How do Owners Corporations make decisions?

How do Owners Corporations make decisions?

As owners corporations consist of multiple members there needs to be a basis of decision making.

The legislative framework provides for a form of democracy by setting out three types of decisions available to an owners corporation.

Ordinary resolutions require a majority of the votes cast to be in favour.  Most decisions of owners corporations regarding works, control of common property, election of a committee and setting the budget are approved by ordinary resolution whether at the AGM or throughout the year.  Ordinary resolution matters can generally be delegated to the committee.

A special resolution requires 75% of all members of the owners corporation to be in favour.  These are matters which parliament has determined of greater significance to an owners corporation and include:

  • special levies of more than twice the annual budget
  • significantly altering or upgrading common property
  • leasing or licensing common property
  • making, amending or revoking rules
  • commencing legal proceedings other than debt recovery or in forcing rules
  • borrowing an amount exceeding the annual budget

If a matter requiring approval by special resolution is not passed it may be subject to an interim special resolution is where the 75% threshold is not met but:

  • at least 50% of members vote in favour
  • not more than 25% vote against the motion

Notice is required to all members of the interest special resolution.

It becomes a special resolution 29 days after the date of the meeting unless at least 25% of members petition against it.

The interim special resolution effectively provides a further opportunity to pass a special resolution by regarding a member who did not cast a vote to be in favour provided the requirements above are complied with.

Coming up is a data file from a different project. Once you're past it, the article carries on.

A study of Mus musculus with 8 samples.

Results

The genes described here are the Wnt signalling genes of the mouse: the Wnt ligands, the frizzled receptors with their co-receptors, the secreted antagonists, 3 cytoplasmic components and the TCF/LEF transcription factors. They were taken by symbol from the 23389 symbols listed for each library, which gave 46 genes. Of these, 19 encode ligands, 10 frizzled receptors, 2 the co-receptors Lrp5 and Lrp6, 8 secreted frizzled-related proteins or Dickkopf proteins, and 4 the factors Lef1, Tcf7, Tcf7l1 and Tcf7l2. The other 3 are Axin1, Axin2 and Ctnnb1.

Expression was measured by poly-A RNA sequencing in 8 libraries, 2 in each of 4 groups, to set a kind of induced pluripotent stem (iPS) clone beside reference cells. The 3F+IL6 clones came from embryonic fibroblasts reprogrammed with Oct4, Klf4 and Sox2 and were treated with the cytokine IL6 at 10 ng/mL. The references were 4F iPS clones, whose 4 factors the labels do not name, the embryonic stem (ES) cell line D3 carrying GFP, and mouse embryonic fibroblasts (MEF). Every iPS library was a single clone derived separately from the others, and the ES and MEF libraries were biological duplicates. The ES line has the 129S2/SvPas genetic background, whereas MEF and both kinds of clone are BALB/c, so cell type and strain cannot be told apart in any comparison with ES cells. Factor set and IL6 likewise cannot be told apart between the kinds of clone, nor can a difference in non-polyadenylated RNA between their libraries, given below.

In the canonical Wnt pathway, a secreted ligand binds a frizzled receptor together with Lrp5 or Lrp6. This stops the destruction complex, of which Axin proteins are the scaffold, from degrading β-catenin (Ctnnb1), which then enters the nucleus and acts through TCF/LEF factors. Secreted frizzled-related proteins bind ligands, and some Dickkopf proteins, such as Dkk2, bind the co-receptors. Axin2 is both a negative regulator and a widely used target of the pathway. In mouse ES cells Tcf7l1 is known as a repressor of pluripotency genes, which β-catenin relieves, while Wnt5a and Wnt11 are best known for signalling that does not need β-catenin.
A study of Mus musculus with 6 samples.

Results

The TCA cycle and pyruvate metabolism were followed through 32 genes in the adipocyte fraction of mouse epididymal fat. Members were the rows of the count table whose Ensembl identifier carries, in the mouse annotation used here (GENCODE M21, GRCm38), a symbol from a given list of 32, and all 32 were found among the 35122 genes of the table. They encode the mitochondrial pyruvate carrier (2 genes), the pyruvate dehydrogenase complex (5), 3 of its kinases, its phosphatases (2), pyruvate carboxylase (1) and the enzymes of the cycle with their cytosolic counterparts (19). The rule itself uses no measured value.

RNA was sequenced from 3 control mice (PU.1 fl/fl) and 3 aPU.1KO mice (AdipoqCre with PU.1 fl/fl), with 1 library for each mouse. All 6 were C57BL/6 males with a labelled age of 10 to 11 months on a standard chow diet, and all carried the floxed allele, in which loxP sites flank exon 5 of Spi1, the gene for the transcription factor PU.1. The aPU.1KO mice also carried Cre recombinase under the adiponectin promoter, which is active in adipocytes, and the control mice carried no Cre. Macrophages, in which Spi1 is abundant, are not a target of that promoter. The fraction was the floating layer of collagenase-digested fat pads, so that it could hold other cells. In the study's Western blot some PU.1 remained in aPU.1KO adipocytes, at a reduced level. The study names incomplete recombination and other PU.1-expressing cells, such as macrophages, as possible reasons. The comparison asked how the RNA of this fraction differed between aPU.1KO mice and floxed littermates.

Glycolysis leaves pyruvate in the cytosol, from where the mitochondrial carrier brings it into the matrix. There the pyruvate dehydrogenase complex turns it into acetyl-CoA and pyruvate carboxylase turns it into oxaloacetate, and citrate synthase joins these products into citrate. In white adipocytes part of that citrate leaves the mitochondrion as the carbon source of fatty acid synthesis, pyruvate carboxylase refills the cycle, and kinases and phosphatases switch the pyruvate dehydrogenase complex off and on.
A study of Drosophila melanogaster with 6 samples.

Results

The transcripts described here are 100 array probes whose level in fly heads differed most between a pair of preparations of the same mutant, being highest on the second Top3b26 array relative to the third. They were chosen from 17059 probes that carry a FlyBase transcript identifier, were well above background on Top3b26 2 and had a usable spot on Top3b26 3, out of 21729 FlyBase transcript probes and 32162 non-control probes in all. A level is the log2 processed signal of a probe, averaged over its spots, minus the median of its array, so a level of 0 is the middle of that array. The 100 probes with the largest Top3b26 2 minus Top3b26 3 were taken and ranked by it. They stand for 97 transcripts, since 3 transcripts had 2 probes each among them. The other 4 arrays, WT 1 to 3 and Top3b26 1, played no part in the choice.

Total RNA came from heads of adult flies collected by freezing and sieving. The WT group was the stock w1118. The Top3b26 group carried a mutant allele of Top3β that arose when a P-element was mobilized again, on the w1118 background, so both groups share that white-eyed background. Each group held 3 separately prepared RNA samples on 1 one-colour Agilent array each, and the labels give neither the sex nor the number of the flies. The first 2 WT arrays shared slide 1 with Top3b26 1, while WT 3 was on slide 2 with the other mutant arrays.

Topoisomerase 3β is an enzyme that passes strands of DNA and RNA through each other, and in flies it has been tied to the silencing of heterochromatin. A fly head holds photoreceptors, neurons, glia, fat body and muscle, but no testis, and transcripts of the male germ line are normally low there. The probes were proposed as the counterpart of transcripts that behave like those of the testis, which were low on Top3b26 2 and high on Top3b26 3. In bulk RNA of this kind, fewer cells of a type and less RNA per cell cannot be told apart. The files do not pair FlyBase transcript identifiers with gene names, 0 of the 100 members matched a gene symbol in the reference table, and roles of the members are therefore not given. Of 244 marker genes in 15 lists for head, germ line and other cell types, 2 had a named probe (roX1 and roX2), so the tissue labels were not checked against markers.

A unanimous resolution requires all members of the owners corporation are in favour.  These are for permanent changes to the plan of subdivision such as:

  • disposing of common property
  • altering lot boundaries
  • amending lot liability and entitlement

A unanimous resolution recognises the rights of members may be diminished and it is appropriate all members agree.

How decisions are made?

Decisions can be made:

  • at a general meeting
  • by a ballot of members which is a vote taken outside of the meeting.

At a General Meeting

  • the quorum is 50% of the members are present
  • an ordinary resolution is passed by a majority of eligible members voting in favour of the motion
  • a member who has fees or charges owing to the owners corporation is not eligible to vote for an ordinary resolution
  • a member may appoint a proxy to represent him or herself at a meeting
  • a body corporate such as a company is represented meeting by an appointed proxy.

If a quorum is not present the meeting may pass interim resolutions which take effect 29 days after the meeting unless:

  • at least 25% of members petition against the interim resolutions or
  • notice of a further general meeting has been issued

The purpose of allowing from resolutions is to ensure that the operation of the owners Corporation is not stifled for want of attendance at a meeting.

A Ballot is a convenient way of providing members dissipation in decision-making and requires:

  • notice is given to all members;
  • to be open for at least 14 days;
  • a vote must be returned by the closing date of the ballot;
  • for an ordinary resolution:
    • a quorum must be attained; and
    • a majority of votes in favour to be passed;
    • for the vote to be counted cannot have any fees and charges owing;
  • a special or unanimous resolution has the same requirements as for a meeting including an interim special resolution.

Committees act on behalf of the owners corporation outside of a general meeting and:

  • usually appointed at the annual general meeting
  • may be delegated the power to deal with matters requiring an ordinary resolution
  • cannot be delegated any matter requiring:
    • a special resolution or unanimous resolution
    • any limitation imposed by the owners corporation such as a restriction on unbudgeted works.